A previous article demonstrated how the relationship between reason and emotions (and by this term I refer to a complex world known by different names: passions; sentiments; affections) is not a simple one but, at the same time, cannot be conceived in terms of antithetical opposition. Pleasure and moral good are only contrasting in a dualistic ethic, which comes with a high price. In fact, in the perspective prior to modernity, the relationship passions/reason was understood in a bi-directional manner, that is, being of mutual influence one to the other, rather, of mutual aid for recognizing and doing the good.
The passions that rise from sensibility influence the intellect and one’s judgment of things, but others find their origin in the intellectual evaluation: these are the so-called “passions of the soul,” of which anger is an emblematic example. Bringing this to light means denying modern anthropological dualism because, the passions, themselves, have to do with both the body and the soul and, therefore, are of reciprocal influence, allowing or impeding the accomplishment of the good.
Emotions and reason, therefore, are not constitutionally enemies; they can become such, but they can also be of mutual aid. The emotions make decisions of the will more intense and stronger so as to overcome difficulties and obstacles in doing the good, in order to live in a full, integral and constant manner characteristic of the life of virtue: “The movement of virtue, which consists in a perfect act of will, cannot be had without any passion, not because the act of will depends upon the passion, but because in a nature subject to passion a passion necessarily follows upon a perfect act of will.”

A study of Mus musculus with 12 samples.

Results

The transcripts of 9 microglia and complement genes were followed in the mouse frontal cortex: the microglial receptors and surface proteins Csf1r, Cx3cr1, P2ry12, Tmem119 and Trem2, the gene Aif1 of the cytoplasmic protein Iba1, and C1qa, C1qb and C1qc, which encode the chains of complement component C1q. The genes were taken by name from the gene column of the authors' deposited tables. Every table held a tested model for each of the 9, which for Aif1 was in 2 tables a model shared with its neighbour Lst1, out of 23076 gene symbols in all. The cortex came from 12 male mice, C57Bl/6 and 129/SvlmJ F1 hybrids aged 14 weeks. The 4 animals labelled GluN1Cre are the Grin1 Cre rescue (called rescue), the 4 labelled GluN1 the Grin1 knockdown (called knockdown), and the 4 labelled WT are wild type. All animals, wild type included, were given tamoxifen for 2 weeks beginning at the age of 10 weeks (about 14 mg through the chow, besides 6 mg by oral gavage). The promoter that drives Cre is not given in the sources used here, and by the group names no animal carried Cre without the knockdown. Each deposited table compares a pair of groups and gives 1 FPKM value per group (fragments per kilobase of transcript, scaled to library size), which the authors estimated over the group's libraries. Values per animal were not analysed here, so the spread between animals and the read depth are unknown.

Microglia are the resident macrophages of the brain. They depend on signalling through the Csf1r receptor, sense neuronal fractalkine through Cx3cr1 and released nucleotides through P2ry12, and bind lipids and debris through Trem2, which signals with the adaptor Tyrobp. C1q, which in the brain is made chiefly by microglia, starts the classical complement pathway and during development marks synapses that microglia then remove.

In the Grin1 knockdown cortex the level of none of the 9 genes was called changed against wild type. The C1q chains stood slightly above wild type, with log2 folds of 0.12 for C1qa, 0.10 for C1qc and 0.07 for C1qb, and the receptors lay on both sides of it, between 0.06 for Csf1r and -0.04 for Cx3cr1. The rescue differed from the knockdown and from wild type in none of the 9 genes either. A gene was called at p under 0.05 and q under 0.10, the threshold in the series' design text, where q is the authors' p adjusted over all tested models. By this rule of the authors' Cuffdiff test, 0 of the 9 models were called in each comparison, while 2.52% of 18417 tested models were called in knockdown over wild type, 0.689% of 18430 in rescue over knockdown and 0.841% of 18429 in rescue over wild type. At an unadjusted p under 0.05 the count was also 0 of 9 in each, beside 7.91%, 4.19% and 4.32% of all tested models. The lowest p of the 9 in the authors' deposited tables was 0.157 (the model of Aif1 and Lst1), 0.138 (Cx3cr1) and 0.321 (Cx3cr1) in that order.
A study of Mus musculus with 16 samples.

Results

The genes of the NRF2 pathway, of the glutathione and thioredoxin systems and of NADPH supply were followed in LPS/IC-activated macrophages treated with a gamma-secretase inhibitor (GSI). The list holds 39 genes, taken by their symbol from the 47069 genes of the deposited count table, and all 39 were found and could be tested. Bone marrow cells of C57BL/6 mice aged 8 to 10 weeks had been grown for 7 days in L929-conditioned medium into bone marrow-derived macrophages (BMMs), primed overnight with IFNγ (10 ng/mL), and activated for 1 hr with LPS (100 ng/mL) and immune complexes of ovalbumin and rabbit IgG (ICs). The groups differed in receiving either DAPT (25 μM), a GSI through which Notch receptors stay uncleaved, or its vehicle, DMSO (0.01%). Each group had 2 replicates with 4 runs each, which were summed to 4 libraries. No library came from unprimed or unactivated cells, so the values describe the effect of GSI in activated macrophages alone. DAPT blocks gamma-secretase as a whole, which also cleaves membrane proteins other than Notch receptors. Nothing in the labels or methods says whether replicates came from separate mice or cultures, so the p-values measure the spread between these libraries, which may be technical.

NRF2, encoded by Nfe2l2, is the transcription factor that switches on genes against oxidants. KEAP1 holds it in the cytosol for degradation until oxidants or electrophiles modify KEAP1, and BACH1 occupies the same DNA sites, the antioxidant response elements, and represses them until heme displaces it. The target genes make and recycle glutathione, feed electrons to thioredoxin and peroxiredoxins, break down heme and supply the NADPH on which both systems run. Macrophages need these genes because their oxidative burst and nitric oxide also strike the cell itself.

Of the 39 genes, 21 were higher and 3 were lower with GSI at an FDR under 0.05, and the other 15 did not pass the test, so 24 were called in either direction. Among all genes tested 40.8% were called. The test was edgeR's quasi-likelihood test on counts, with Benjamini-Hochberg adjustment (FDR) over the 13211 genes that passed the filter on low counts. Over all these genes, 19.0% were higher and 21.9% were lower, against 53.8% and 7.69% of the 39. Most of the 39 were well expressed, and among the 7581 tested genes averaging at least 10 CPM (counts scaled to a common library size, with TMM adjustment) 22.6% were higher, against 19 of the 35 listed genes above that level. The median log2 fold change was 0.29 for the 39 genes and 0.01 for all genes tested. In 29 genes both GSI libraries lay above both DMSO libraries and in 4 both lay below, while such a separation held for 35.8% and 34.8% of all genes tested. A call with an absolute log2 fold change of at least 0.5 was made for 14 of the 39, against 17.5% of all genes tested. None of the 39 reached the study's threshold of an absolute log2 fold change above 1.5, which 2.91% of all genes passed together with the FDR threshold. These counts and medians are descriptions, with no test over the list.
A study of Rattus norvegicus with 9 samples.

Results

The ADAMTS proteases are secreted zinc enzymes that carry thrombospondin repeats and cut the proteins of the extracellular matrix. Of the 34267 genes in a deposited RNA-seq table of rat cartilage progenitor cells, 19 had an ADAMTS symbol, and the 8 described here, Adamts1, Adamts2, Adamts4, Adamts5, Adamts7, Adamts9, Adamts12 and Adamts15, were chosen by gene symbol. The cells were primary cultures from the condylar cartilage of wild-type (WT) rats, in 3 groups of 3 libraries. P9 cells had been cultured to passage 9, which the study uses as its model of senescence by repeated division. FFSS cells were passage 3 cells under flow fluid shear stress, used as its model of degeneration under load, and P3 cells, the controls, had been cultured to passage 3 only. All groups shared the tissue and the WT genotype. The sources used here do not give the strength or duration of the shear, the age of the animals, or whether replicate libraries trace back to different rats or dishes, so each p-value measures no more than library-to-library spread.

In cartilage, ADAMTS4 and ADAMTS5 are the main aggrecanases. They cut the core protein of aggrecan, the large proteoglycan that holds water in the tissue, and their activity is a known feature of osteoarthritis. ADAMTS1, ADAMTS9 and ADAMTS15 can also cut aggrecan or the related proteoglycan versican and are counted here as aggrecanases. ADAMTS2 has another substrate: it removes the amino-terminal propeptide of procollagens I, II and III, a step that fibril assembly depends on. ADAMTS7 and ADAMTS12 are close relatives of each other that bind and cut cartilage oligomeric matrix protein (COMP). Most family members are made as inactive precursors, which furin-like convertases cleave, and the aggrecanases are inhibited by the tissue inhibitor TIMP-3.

Antonio Rosmini noted that “there is no thought that is not affective: love perfects knowing and the one who, knowing something, loves it, finds in the beloved the good, the fullness of that act of which man is potent.” For Martin Heidegger, comprehension includes an affective element. This conclusion is very close to what Saint Thomas noted: ubi amor, ibi oculus, “where there is love, there is the eye.” The act of seeing which, in and of itself is a selective operation, focuses on what captures the heart’s attention. He calls cogitative this capacity to unify the sensibility and the intellect, imagination and knowledge, memory and understanding.
Affectivity, therefore, is fundamental not only for doing the good but also for knowing it: it notes details, consents to enter into relationships with others, to help them, to live friendship, love. In difficult and critical situations, reason is insufficient for recognizing and singling out the good to be done, or for confirming the choice. In these situations, the passions are a precious help, as Augustine notes: “As long as we carry the weakness of this life, if we do not have some passion, we will not live rightly.”